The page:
Ted Talks - Proximity to Nature, Messiness, and Mechanistic viewpoints
I've recently found several interesting Ted talks relevant to my inquiries.
Jeff mainly speaks on driving and city sprawl but what is particularly interesting is his argument about proximity to nature. He states "if you love nature, stay the heck away from it," and argues for more people to move into dense cities where carbon emissions per household are the lowest, among other factors.
But to me this is a fearful, band-aid solution. Just the other day I was walking through Central Park and saw a beautiful field of trees all fenced in with signs saying "Protect the American Elm. Please Stay Out." And while, based on further research, the concerns of soil compaction are the reasoning behind this message, this sign promotes a general theme that we do not have the capability to develop a caring relationship with the earth and that "the best we can do" is to stay away. As John Thackara describes, this is a "do less harm approach."
To Jeff's point, yes, we shouldn't move to the suburbs where we occupy more space and rely more heavily on automotive transportation. But in a systematic and long term approach, we cannot consider hiding in our concrete bubbles the solution either. Staying away from nature is not the answer if we want to shift from "doing less harm" to "leaving things better."
This video was much more aligned with my point of view, as Tama discusses her journey into weed foraging. The topic itself is fascinating and I look forward to learning more first hand by going to a session with Wild Man Steve here in NYC.
Tama had two points that particularly resonated with me in this video. First is our predisposition to believe that nature is something to be controlled and orderly. She argues that we are part of nature and not its masters; and that we should embrace its messiness. The debate between human as separate from vs. part of nature raises a slew of questions for me - including the "naturalness" of our constructions and creations. But in a connected and inclusive approach, though we and all our creations would be considered natural, we are also held to maintain respectful relationships to the ecosystems that surround us - as an equal member. This perspective has the potential to limit industrial growth more than the "humans and nature as separate" perspective.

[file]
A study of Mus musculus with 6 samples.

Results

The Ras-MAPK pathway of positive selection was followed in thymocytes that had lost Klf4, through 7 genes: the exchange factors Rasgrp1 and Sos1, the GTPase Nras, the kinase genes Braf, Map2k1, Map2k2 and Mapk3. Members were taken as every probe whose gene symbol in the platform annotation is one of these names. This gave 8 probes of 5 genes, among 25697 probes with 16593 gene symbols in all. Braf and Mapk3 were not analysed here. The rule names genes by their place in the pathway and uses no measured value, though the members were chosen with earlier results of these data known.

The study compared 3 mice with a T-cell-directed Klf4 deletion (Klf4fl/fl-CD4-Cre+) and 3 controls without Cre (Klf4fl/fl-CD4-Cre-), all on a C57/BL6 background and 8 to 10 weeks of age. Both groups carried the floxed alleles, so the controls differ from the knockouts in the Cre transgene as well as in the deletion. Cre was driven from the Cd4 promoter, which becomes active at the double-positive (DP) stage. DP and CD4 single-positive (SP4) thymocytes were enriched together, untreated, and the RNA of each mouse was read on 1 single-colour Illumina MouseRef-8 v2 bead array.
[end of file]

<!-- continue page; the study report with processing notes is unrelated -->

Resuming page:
The other piece of this talk that I particularly enjoyed was her closing statement: "Once you embark on this path you will notice things that are beautiful that you've never noticed before. And in the morning when you feel the texture of the herbs and the dew on your hands and the thin rays of the sunlight slant in your eyes, you will feel amazing." In our separation from nature we have amplified our cognitive and visual capabilities and suppressed some of our emotive and visceral ones. Logic and numbers are often prioritized over feeling and gut. Sex and intimacy are risque subjects and discussions around them are often accompanied by embarrassment. We need everything clean and clear for our visual comfort. Tama's call for a messier interaction with nature where we start to use other senses and we start to listen as opposed to direct, is a greatly needed shift. I look forward to further investigation on this matter through reading up on the history of landscape architecture.
This video is one of my all time favorites. Joel gives a passionate talk that furthered my thinking from the previous video. A primary topic of this talk is the distinction between a mechanistic and biological viewpoint towards life. We are so focused on optimization and order and using nature as a machine to complete tasks for us. We have no focus or concern for the fact that these systems and organisms are living. I loved Joel's example that we have no scientific studies on how to "make pigs happier."
Further we have diminished the natural and biological so much that it seems ugly or barbarian-like to us. No more weeds, no more breastfeeding, etc. All of these natural things that we're reliant on, we're disgusted by. Chemicals and artificiality are considered "sexier". Which brings me to one of my other favorite statements from this talk: that there is far more sex going on in a bin of compost than there is in chemical fertilizers.
Joel's various arguments surrounding the fact that we have "divorced ourselves from normal visceral relationships" prompts my further interest in all of the natural beings and behaviors that we are afraid of or disgusted by. What are they and how can they become re-normalized and celebrated?